It’s not always easy to know how to help children deal with grief and loss. Nobody wants a young one’s childhood to be marred by sadness, whether caused by a death or other loss.
As a parent, you may rather shelter your kids from difficult situations than traumatize them. And that’s understandable. After all, you want to create the happiest experiences you can while your kids are growing up. Watching your children suffer through grief can be extremely painful.
While every situation and every child are different, there are certain ways to help kids deal with grief and loss.
Expect Big Emotions
Think of how you’ve felt when dealing with intense grief in the past. What emotions come to mind? Did you feel as though you were in control of them?
For many adults, grief and loss cause enormous emotional tumult. We cry, we deny, we argue. And if it’s that hard for adults to go through grief, imagine what it’s like for kids. They don’t have the vocabulary, cognitive development, or life experience that adults do to put grief into context.
So be prepared for your children to express very big emotions in the days, weeks, and months following a loss. They often communicate through their behavior. Increased crying, problems sleeping, regression, and anger are all normal responses to grief. Keep this in mind and don’t punish your child for what may look like misbehavior. Instead, treat them with empathy and love.
Spend Extra Time with Your Kidss
Having extra time with you will also help soothe some of your child’s big emotional pain. Chances are, they’re feeling sadness and dealing with a lot of fear. The reassuring presence of a beloved parent provides emotional comfort and a sense of safety.
Cuddle them more, read more books together, or get out of the house for something fun more often. Shower them with affection. This doesn’t mean you have to “spoil” them, of course. But some extra love never hurt anyone.
When families experience major losses, it’s common to avoid talking about it. This is true whether the loss was due to death, divorce, or other “big” losses. But not talking about it isn’t healthy for anyone, whether adult or child.
Children are more perceptive than you may think, and they can tell when adults are uncomfortable. By learning to talk openly about the situation, with an age-appropriate response, you’ll be helping everyone. When your kids see you acknowledging and addressing emotional pain and loss, they’ll learn that it’s okay to do the same.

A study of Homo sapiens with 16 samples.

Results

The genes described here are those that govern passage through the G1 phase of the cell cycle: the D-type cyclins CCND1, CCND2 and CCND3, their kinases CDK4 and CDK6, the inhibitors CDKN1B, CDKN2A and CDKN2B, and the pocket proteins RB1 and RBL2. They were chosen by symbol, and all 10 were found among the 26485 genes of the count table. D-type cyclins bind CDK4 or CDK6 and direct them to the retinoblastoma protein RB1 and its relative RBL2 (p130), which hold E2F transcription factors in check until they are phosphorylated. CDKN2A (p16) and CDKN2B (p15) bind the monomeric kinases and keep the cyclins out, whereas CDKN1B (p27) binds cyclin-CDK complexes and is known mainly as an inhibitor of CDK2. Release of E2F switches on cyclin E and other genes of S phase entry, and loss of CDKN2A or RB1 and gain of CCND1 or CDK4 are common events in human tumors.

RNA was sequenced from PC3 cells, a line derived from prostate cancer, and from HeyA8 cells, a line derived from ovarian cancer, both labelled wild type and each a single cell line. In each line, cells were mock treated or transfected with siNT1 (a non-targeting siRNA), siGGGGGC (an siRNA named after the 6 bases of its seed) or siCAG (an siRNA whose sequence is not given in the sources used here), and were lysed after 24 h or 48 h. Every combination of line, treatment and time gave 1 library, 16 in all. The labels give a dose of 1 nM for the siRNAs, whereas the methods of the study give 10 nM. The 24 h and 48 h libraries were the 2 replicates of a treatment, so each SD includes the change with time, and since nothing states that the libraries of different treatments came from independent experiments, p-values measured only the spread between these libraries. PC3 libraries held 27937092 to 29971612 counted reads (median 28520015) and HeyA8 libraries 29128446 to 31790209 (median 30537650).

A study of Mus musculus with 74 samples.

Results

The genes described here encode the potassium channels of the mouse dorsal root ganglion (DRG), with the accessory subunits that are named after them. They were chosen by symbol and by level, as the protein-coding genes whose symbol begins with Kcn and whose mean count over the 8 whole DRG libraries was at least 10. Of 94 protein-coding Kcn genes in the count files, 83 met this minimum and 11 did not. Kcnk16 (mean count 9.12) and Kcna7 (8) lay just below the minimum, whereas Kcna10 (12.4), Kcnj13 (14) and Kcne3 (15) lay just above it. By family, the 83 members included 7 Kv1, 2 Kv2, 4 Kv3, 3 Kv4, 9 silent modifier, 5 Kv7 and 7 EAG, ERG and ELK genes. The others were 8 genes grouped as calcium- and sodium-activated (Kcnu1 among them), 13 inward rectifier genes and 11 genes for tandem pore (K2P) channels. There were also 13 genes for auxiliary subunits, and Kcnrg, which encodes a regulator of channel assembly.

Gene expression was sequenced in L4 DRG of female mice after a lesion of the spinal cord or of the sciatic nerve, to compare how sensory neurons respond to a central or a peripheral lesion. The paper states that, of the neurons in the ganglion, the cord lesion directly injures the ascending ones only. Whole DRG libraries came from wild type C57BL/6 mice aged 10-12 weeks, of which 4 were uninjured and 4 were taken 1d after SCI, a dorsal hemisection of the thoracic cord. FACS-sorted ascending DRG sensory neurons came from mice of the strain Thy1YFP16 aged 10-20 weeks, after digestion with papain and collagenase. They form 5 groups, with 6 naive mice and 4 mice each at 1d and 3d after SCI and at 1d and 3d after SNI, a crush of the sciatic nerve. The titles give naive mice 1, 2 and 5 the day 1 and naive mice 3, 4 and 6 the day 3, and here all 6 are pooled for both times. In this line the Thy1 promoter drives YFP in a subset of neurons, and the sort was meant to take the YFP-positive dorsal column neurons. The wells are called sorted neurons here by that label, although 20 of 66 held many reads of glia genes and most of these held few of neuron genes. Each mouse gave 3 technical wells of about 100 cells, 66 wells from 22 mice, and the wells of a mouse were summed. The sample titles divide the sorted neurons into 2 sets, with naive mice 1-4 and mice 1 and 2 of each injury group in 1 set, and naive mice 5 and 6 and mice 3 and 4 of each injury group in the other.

As awkward as it can be to talk about certain things, it is better than the fallout created when emotions are stuffed and denied. It also paves the way for healthier communication as your kids grow up.
Along with talking openly about the situation, it’s also important to not use euphemisms that can confuse or frighten children. They often think very concretely. And many terms used to describe grief won’t make sense to them.
Such phrases as “He passed”, “We lost her”, “Spot had to be put to sleep”, and others are things you should strike from your vocabulary when talking with children about a loss.
As much as possible, try to maintain daily routines for your kids during times of loss. This provides them with an external sense of stability.
Knowing what to expect and that some things have not changed creates a sense of security and prevents increased anxiety caused by uncertainty. Children mark time and days by routines such as meals, naps, a bath and book at bedtime, etc. Do your best to keep the structure you had before the loss occurred.
Sometimes, despite your best efforts, grief and loss can lead to persistent sadness, anxiety, and depression in children. If your family or child has experienced any sort of loss, be sure to monitor how they’re doing. And reach out for help when their negative emotional responses don’t improve with time.
As mental health professionals who specializes in working with children, we are here to guide you through times like these. Please, feel free to contact us.